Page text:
Monday, 9 August 2010

Half a million Malaysians banned from leaving country, PTPTN loan an emotional strain on grad



Half a million Malaysians banned from leaving country

By IWAN SHU-ASWAD SHUAIB
iwan@thestar.com.my

PETALING JAYA: About half a million Malaysians have been banned from leaving the country.

The 424,653 persons have been blacklisted mainly for defaulting in tax payments, not paying educational loans and also for being declared bankrupts.

Those blacklisted include high profile individuals carrying titles of Tan Sri, Datuk Seri and Datuk.

> The Insolvency Department has the bulk of those blacklisted, with 196,473 persons (46%) declared bankrupt;
> The blacklist comes from 13 government agencies, which also includes the Inland Revenue Board and the Immigration Department;

> The youngest person blacklisted is just 25.

Related Story:
VIPs and celebs placed in travel blacklist

PTPTN loan an emotional strain on grad

I AM a recent graduate with a huge PTPTN loan hanging over my head before I can even get a headstart in the working world. My total loan amount was RM48,000. From the time I started working, I have been paying small amounts based on what I can afford but unfortunately, what I can afford is not even close to the so-called administration fees.

My opening balance for this year (after paying a chunk last year using my graduation reward cash from relatives) was RM46,964.94. On Aug 6, when I checked on my account transaction history in PTPTN’s E-FES, I was startled to see a closing balance of RM47,054.51, which is RM89.57 more than my opening balance of the year.

This would be all right if I had not made any repayment. However, from January to July, I paid RM714.94. Instead of a reduction in my balance, to my utter disbelief, PTPTN charged RM804.51 as administration fee for that same period of time.

Coming from a fresh graduate who is not even earning above RM1,900 (after EPF deductions), living in Kuala Lumpur and travelling to the city centre for work, this has put a strain on my financial and emotional health.

Recently, a report mentioned that almost half a million people have defaulted on their PTPTN loans. 
Discounting the ungrateful ones who have the money but refused to pay, those like me who are struggling to pay have been mercilessly burdened by PTPTN. During my study years, my parents often had to come up with the cash first and there were so many semesters when many of us would be barred from examinations because PTPTN had not banked in the money before the due date. There would be a long queue of students trying to get “unbarred” when the time taken could have given us more study time, reduced stress and emotional turmoil before the examination.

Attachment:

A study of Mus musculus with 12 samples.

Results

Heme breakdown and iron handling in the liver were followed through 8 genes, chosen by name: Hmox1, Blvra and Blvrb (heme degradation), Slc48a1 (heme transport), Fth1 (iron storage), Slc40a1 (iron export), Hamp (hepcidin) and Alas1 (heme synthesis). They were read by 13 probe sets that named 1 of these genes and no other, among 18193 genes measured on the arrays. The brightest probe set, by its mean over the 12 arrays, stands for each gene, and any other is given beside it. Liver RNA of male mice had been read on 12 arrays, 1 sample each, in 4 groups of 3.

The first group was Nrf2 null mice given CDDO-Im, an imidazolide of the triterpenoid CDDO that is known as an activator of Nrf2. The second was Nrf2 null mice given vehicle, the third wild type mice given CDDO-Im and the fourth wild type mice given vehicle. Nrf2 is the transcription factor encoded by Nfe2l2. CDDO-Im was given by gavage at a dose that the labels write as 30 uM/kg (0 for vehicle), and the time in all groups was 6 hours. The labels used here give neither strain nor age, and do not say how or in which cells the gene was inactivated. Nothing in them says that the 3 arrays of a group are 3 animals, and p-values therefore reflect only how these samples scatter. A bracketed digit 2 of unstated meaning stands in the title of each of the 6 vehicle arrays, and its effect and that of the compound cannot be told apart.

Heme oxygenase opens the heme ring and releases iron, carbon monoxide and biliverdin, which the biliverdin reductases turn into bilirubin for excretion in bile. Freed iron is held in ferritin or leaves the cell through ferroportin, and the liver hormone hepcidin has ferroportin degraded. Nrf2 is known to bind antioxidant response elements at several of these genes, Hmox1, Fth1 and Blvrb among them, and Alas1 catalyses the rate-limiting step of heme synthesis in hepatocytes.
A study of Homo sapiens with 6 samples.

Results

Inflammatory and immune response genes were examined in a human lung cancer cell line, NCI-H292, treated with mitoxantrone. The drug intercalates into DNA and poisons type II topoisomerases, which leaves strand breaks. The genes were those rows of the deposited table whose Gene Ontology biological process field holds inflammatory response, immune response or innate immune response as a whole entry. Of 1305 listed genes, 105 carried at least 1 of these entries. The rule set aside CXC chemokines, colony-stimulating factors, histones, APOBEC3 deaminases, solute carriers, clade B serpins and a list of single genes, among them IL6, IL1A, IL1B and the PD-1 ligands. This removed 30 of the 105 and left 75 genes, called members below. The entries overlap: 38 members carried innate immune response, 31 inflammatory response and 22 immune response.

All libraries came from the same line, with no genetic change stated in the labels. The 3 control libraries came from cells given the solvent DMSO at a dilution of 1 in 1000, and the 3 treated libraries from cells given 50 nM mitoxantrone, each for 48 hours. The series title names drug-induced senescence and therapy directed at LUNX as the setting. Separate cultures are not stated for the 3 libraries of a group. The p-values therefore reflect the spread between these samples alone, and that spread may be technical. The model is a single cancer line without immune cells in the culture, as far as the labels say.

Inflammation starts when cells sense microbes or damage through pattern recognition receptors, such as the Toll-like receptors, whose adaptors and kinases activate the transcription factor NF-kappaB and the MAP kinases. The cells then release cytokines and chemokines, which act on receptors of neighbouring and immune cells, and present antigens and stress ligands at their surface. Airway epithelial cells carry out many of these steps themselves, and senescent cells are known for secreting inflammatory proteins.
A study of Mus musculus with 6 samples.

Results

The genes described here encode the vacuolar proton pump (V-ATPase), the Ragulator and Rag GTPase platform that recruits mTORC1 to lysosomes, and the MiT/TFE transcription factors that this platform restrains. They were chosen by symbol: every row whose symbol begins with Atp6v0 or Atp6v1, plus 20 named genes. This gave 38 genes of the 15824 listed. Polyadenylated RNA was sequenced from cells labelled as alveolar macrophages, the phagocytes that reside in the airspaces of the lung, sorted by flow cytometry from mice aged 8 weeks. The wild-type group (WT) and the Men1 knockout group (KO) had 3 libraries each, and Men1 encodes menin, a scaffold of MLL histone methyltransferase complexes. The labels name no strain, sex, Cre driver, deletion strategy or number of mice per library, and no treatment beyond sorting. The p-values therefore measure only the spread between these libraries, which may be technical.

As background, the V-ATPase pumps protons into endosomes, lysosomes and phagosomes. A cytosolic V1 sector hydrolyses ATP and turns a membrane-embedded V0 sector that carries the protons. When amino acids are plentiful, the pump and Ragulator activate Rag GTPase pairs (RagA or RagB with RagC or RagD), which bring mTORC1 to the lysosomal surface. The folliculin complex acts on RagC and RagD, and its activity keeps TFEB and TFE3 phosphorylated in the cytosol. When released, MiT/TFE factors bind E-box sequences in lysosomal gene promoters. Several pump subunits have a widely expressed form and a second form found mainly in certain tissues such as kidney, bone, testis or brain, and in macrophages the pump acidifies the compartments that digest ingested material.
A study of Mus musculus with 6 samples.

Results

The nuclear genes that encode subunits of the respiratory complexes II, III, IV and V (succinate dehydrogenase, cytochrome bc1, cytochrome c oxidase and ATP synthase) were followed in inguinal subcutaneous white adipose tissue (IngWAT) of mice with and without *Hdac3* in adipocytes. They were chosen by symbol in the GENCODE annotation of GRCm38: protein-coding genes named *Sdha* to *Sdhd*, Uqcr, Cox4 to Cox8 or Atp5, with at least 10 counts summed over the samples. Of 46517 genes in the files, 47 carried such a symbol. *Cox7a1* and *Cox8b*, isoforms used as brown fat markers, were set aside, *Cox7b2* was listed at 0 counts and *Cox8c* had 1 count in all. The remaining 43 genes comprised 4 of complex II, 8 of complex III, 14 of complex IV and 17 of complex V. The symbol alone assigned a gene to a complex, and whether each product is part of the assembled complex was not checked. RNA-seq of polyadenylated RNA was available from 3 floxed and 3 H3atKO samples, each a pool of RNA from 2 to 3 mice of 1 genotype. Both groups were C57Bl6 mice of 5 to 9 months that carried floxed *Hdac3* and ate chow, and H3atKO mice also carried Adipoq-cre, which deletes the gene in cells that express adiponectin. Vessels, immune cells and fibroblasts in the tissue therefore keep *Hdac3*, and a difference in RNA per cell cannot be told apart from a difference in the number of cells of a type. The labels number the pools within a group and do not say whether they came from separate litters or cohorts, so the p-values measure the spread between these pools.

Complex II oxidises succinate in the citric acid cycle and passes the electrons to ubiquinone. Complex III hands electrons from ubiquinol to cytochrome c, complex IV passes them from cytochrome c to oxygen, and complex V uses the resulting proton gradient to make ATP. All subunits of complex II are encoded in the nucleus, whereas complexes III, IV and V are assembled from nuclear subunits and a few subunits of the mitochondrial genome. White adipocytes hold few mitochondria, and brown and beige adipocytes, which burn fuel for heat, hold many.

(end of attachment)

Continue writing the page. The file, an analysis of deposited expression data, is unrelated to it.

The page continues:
The administration fee imposed by PTPTN is ridiculous. Sooner or later, I may have to default on my loan, not because I don’t want to pay it but because I can’t afford to pay.

PTPTN PRISONER,
Subang Jaya

Monday December 27, 2010

200,000 borrowers default on student loan repayments

TEMERLOH: More than 200,000 out of 1.75 million National Higher Education Fund Corporation (PTPTN) borrowers have defaulted on their loans.

The loan defaulters are considered hard-core borrowers who made no effort to repay their dues even if they manage to gain employment, said PTPTN chairman Datuk Ismail Mohamad Said.

He added these defaulters also didn’t take the initiative to consult the corporation to re-schedule their repayments if they have yet to enter the job market.

Ismail said the corporation had given out RM37bil in study loans since 1997 to 1.8 million students.
“PTPTN was supposed to receive RM5bil in arrears according to its repayment schedule, but only RM2.1bil has been returned so far.

“Some borrowers are already employed but they still refuse to pay up.

“Once the Perbadanan Tabung Pendidikan Tinggi Nasional Act 1997 is amended, we will start making mandatory monthly deductions from the borrowers’ salaries next year,” he said after presenting school bags and study awards to about 200 pupils from the Kuala Krau parliamentary constituency here on Friday.

Ismail said the amendments, if passed, will give the Inland Revenue Board the power to deduct the salaries of errant borrowers.

“Errant borrowers will be blacklisted and can be taken to court if they still don’t respond to notices to repay their study loans,” Ismail said.

Earlier this month, it was reported that the PTPTN has written off RM59mil worth of study loans granted to 2,162 graduates who obtained first class degrees for the first seven months of this year.